Filipina actress Bela Padilla and FHM in the Philippines have apologized for the cover of the magazine following complaints about its controversial cover branded by some readers as racist. FHM has since pulled the March cover, which showed the fair-skinned actress in a pink bikini surrounded by dark-skinned models with the tag line Bela Padilla Stepping Out of the Shadows. (See the old cover here.)
FHM New Cover Featuring Filipina actress Bela Padilla. The cover was changed after readers' outrage over the first cover, showing the actress surrounded by dark-skinned models with the tag line Bela Padilla Stepping Out of the Shadows. Photo credit: fhm.com.ph
FHM Philippines is the country's best selling men's magazine. The controversial cover was uploaded to the magazine's Facebook page on Saturday, which sparked many complaints.
Readers also took to Twitter to air their concerns over the cover.
'FHM's cover: Bela Padilla stepping out of the shadows would be uncontroversial, if the shadows weren't black models,' Frances Doplon tweeted.
GMA News also reported that writer Katrina Stuart Santiago denounced the controversial cover and said that it was a display of white supremacist ideology at its most vicious because it's shameless. It is a display of whiteness against blackness that is sold to us as fact: the white woman can only emerge as her true self from the shadows created by the black girls.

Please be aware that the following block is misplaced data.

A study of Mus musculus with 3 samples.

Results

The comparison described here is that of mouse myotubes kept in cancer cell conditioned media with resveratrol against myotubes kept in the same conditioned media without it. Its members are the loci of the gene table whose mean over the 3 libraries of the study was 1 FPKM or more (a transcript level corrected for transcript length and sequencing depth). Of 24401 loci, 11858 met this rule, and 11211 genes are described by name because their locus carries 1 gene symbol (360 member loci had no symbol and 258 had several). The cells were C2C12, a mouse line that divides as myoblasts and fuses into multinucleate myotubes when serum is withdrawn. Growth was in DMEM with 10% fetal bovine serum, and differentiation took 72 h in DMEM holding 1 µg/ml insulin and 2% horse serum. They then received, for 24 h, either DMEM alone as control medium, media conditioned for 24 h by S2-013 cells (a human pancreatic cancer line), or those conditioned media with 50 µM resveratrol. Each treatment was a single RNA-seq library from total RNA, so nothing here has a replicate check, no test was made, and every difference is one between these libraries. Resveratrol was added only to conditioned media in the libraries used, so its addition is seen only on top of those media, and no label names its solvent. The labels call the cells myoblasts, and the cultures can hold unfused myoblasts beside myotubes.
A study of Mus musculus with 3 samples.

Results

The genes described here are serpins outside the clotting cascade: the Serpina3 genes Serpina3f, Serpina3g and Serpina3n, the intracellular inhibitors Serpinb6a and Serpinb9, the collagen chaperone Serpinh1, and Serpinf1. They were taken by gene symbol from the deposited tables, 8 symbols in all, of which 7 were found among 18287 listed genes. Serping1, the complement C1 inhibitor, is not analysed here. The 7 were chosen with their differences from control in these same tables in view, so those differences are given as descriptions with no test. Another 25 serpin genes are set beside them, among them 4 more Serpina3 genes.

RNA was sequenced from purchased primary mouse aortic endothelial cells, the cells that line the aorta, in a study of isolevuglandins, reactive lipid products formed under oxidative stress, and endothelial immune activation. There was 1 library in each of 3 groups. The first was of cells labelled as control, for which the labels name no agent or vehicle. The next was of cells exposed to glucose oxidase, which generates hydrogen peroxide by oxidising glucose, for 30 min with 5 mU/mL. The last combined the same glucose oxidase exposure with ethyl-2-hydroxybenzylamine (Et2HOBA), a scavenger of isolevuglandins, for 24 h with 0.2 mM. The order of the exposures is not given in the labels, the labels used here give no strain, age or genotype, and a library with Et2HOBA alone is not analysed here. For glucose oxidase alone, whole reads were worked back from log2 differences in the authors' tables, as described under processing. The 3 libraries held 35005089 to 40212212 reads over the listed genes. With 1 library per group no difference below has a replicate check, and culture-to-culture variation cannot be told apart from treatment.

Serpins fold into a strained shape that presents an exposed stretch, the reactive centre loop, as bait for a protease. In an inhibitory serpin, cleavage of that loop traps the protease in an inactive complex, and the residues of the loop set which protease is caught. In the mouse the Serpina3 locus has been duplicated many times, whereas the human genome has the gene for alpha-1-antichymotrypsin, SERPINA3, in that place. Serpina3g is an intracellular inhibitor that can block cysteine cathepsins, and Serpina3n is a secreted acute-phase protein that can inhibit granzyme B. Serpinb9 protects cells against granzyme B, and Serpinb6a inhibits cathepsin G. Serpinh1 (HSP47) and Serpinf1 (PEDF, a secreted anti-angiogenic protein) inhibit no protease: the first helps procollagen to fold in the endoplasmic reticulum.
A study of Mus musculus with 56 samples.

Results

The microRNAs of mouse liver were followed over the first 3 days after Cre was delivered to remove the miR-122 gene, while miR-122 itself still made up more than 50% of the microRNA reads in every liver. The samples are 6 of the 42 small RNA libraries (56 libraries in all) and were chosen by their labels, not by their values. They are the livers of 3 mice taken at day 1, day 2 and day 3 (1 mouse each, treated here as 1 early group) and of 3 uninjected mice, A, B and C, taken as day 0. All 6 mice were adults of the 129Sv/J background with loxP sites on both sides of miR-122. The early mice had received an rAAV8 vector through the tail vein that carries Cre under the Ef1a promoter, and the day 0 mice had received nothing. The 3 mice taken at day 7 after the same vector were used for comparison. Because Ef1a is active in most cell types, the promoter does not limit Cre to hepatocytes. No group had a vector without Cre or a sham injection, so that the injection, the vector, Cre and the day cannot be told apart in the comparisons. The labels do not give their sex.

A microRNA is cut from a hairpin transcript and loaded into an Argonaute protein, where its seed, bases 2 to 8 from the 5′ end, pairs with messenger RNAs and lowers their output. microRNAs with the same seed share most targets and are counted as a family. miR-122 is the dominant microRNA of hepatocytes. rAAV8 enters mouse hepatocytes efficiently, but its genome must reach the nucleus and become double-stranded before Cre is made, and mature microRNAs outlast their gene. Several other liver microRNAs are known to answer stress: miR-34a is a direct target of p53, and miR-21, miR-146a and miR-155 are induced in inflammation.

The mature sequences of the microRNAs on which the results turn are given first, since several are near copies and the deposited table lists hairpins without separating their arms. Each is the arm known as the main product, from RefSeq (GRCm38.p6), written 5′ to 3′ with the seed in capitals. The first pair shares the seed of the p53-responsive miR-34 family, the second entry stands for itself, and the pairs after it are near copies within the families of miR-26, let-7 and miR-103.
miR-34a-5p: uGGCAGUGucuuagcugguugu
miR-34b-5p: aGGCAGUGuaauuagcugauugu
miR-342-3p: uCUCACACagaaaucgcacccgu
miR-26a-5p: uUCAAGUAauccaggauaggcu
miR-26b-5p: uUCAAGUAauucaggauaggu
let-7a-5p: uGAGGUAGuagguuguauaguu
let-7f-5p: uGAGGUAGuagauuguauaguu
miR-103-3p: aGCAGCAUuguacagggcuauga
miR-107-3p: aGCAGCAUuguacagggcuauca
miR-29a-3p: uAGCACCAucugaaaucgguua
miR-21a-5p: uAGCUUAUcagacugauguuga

The cover and the tag line have since been changed and the magazine's publisher has issued an official statement noting,
We took all the points into consideration and have decided to take the side of sensitivity. When FHM hits the stands in March it will have a different cover. We deem this to be the most prudent move in the light of the confusion over the previous cover execution.
We apologize and thank those who have raised their points. We apologize to Bela Padilla for any distress this may have caused her. In our pursuit to come up with edgier covers, we will strive to be more sensitive next time.
GMA News also reported that Padilla, 20, apologized on Twitter, writing FHM and I meant no harm at all.
She added that it had nothing to do with racial discrimination... The concept was stepping out of MY inhibitions, MY fears, MY shadows. Not bashing a certain race.